As expected, the president’s budget includes a request for Congress to approve US participation in the 2010 IMF quota reform agreement. There’s a very strong case for approving the request, and I’ll simply point you here, here, and here to read it in detail. Suffice it to say, the IMF is a bargain for US taxpayers, promoting growth and stability globally in ways that directly benefit the US economy and often working in support of US strategic interests around the world.
Nonetheless, some are understandably predicting an uphill battle for the IMF request on the Hill. After all, congressional support for an international financial institution (IFI) in today’s political environment? Let alone something obscure like “voice and vote reform” at an IFI with a dollar amount in the billions (however misleadingly) attached to it? Surely, Congress will be indifferent at best, with the potential for some key actors on the Hill being openly hostile.
But for those of us who very much want to see the IMF deal go forward, there’s already some good news to consider. Just a few weeks ago, Congress did in fact approve US participation in voice and vote reform at an IFI. As it happens, this particular IFI resides on the other side of 19th Street, NW.
And while the administration is looking to satisfy its part of the IMF quota deal simply by transferring money Congress already approved in 2009*, US participation in the World Bank’s voice and vote package required entirely new money, to the tune of $278 million in budgetary outlays (over 4 years) and a contingent commitment of over $4 billion for the United States.
With little fanfare, Congress approved precisely these sums for the World Bank agreement in its wrap up of the FY2013 budget last month.
Approval of the World Bank deal comes on the heels of congressional action on an unprecedented recapitalization of all of the multilateral development banks in FY2012, which in turn was accompanied by approval of record-level US commitments to replenishments of IDA and the African Development Fund (the soft loan windows of the World Bank and African Development Bank).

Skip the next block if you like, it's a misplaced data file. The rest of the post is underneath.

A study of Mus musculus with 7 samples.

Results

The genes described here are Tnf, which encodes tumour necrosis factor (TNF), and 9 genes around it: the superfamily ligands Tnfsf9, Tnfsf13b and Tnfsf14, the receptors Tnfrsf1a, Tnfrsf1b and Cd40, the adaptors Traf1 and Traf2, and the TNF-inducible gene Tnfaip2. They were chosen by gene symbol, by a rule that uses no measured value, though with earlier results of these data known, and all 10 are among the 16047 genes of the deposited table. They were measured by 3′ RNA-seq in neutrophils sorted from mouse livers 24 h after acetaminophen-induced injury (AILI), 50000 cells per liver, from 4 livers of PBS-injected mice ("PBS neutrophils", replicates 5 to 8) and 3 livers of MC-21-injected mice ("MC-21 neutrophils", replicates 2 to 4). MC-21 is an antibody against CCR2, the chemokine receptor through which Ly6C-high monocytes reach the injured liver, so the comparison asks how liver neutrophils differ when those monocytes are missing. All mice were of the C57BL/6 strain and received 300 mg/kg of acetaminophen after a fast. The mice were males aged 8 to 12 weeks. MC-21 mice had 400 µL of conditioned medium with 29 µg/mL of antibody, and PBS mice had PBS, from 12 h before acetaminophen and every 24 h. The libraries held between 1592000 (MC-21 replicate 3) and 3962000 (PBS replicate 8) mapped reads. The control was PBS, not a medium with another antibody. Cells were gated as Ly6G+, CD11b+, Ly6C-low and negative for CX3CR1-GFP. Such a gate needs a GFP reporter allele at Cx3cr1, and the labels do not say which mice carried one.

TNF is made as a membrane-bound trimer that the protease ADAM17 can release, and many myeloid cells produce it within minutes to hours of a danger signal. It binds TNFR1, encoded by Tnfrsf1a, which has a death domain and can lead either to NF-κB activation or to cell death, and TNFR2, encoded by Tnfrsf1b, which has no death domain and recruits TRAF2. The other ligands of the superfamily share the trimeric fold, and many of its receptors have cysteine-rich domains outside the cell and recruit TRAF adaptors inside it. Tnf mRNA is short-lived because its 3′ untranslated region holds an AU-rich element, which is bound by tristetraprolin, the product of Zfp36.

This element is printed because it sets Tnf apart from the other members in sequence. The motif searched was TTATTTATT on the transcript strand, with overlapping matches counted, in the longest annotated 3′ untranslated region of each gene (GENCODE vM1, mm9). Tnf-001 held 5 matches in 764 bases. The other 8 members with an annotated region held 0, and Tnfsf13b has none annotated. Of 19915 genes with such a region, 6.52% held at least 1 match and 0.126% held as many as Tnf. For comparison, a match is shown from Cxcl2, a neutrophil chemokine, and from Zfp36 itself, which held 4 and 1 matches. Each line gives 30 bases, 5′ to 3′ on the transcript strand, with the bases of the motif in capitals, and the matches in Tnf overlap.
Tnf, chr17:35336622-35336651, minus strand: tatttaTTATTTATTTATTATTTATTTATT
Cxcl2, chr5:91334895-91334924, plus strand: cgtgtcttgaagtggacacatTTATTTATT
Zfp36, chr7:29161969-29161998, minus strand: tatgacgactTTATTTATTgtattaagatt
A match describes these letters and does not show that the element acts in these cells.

All of these actions belie the notion that today’s Congress is hopelessly gridlocked, hopelessly indifferent to the rest of the world, and hopelessly hostile to multilateralism.
Now that the administration has made a formal request for the IMF package, I hope and expect that the relevant congressional committees will discharge their duties in the form of oversight hearings, meetings with administration officials, and drafting of legislation.
Getting it done won’t be easy. Certainly, approval of the MDB commitments was hard won. But it was won. And that’s why I’m ultimately optimistic about how the IMF will fare in this Congress.
*Importantly, the administration’s budget request asserts a “zero score” position for the IMF package that may or may not be accepted by the Congressional Budget Office or Congress itself. According to Treasury’s budget justification, “the net cost of the proposed IMF legislation is zero, both in terms of budget authority and outlays.” This position is consistent with the historical treatment of US commitments to the IMF over many decades, with the exception of the 2009 commitment to the IMF’s “New Arrangements to Borrow” when Congress for the first time required (over the objections of the administration and many independent observers) that it be scored according to the Federal Credit Reform Act. I’ll avoid the weedy details of that debate here and simply say that there’s a very strong case for sticking with the longer historical treatment when it comes to scoring, and all the more so in this instance where the proposal simply reallocates a portion of an existing US commitment to the IMF – in fact, the very commitment that Congress budgeted for in 2009.